Composer: Nicolai Otto

Instruments: Voice Mixed chorus Orchestra

Tags: Operas

Download free scores:

11. Duetto e Terzetto PDF 4 MB
Cavatina: Ah quel guardo non celar PDF 4 MB
Wikipedia
Il templario is an Italian-language opera by the German composer Otto Nicolai from a libretto written by Girolamo Maria Marini [it] based on Walter Scott's 1819 novel Ivanhoe.
It has been noted that Nicolai's work for the opera stage, which followed the successful Die lustigen Weiber von Windsor (The Merry Wives of Windsor) (his only German opera), included three others, all of which were in Italian (two being Gilippede ed Odoardo and Il proscritto) and all "are all firmly cast in the bel canto style, with gracefully flowing melodies in the manner of Bellini". Marini was a part-time poet when not employed by the government tobacco monopoly, and is best remembered today for being called in to rewrite the third act of Donizetti's Adelia.
Il templario received its premiere performances at the Teatro Regio, Turin in 1840, and continued on a successful run through Italy, rivaling Pacini's Saffo. However, it disappeared for over 160 years until it was reconstructed in 2006 and performed in 2008.
The success of Nicolai's opera had an unintended contributing indirect effect on the failure of Verdi's early attempt at the opera buffa genre, Un giorno di regno, in 1840. The Teatro alla Scala impresario Merelli insisted on using the opera seria singers previously assembled for Nicolai's opera, which had toured in Milan, thus contributing to the disaster experienced by Verdi.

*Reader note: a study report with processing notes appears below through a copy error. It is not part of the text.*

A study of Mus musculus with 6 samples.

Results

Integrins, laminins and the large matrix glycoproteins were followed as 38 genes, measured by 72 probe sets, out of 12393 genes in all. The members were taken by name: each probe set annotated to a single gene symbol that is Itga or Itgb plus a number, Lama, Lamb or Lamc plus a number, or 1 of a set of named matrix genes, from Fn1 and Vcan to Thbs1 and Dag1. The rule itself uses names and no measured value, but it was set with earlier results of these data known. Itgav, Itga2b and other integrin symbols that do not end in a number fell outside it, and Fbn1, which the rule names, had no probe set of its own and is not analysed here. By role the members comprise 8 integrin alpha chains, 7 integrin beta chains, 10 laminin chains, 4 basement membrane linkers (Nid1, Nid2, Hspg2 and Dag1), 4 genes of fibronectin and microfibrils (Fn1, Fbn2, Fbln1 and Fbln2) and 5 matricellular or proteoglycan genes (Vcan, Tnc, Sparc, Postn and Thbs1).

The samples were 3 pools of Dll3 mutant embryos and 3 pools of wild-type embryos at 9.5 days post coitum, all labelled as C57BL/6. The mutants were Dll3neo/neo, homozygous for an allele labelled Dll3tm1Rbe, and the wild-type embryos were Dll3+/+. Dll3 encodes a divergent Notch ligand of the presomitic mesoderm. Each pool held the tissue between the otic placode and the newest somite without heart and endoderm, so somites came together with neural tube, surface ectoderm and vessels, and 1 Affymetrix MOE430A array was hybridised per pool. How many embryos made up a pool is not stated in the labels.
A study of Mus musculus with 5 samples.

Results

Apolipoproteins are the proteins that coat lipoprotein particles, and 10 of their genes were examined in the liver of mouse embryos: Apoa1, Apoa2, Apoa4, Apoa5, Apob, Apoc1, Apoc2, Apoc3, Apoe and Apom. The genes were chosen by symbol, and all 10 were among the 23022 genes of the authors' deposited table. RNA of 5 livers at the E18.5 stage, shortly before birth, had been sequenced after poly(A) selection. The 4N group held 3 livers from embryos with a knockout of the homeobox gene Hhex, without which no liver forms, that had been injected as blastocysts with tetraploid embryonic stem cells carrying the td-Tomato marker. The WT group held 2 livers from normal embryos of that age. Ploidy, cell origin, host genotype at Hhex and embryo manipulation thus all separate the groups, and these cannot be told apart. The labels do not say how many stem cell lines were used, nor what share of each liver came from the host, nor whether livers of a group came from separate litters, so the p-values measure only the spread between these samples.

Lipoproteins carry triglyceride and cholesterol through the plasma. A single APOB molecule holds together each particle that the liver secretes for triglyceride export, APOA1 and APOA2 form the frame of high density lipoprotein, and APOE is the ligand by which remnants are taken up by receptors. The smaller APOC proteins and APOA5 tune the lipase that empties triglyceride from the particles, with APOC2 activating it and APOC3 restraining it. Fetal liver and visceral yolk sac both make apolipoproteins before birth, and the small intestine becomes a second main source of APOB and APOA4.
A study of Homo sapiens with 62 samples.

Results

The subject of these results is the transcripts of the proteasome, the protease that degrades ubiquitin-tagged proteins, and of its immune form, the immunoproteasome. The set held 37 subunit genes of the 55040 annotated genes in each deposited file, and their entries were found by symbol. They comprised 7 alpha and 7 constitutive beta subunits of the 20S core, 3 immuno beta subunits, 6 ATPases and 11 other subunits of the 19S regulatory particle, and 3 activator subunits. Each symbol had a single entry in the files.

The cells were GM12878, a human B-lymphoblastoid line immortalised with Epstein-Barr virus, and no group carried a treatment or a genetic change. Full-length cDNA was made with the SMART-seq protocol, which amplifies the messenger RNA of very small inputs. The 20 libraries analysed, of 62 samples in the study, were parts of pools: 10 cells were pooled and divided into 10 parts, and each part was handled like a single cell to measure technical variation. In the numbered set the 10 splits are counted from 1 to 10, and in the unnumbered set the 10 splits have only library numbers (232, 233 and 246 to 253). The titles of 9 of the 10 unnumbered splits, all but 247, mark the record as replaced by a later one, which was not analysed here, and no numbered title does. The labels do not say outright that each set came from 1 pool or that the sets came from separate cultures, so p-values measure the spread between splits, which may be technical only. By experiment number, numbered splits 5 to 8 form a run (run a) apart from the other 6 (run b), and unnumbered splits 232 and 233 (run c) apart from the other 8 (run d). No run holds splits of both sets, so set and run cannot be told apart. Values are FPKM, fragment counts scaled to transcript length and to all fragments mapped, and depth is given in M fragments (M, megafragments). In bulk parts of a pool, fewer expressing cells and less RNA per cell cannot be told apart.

Following its first Italian performances
Laviska notes that:
After its original highly successful run in Italy, Il templario was forgotten, as fashion moved on and Nicolai's early death reduced interest in his work outside Germany. His father sold his autographs to Bote & Bock, who then filed and forgot them until 1937 when Joseph Goebbels was seeking pure-German operas to replace the removal of works by composers such as Meyerbeer from the German stage. Goebels was attracted to the story of Ivanhoe but sought to have Nicolai's opera rewritten to remove the flattering elements around the Jewish heroine Rebecca. However, the Second World War intervened before such a version could be made.
The rediscovered opera was again "lost" when the archives of both Bote & Bock in Berlin and Casa Ricordi in Milan were destroyed during World War II.
Re-discovery and reconstruction
However interest in Nicolai renewed in the 1990s and the music historian Michael Wittmann was finally able to reconstruct Il templario from various versions. These included a revision originally deposited with the local censor in Naples but found in the Conservatorio di Musica under the title Teodosia, a German language edition, and also a French piano-vocal score, which allowed for the complete reconstruction in 2006.
Following Wittmann's reconstruction, Il templario was then performed at the Chemnitz Opera in March 2008 conducted by Frank Beermann, with the American tenor Stanley Jackson as Ivanhoe. A live recording of the 7 March performance was later issued.
Following the story line of Ivanhoe, Vilfredo d’Ivanhoe is in love with Ravena, the ward of his father Cedrico, who wishes to marry her off for political advantage. Cedrico turns against his son, leading Ivanhoe to leave for the Crusades. Ivanhoe is wounded and cared for by the Jewish Rebecca, who with her father Isacco follows Ivanhoe back to England. Rebecca is in turn loved by Briano, the templar of the opera's title. Briano and Rebecca are both – inexplicably – struck dead in the final scene of the opera, leaving the Anglo-Saxons praising Ivanhoe.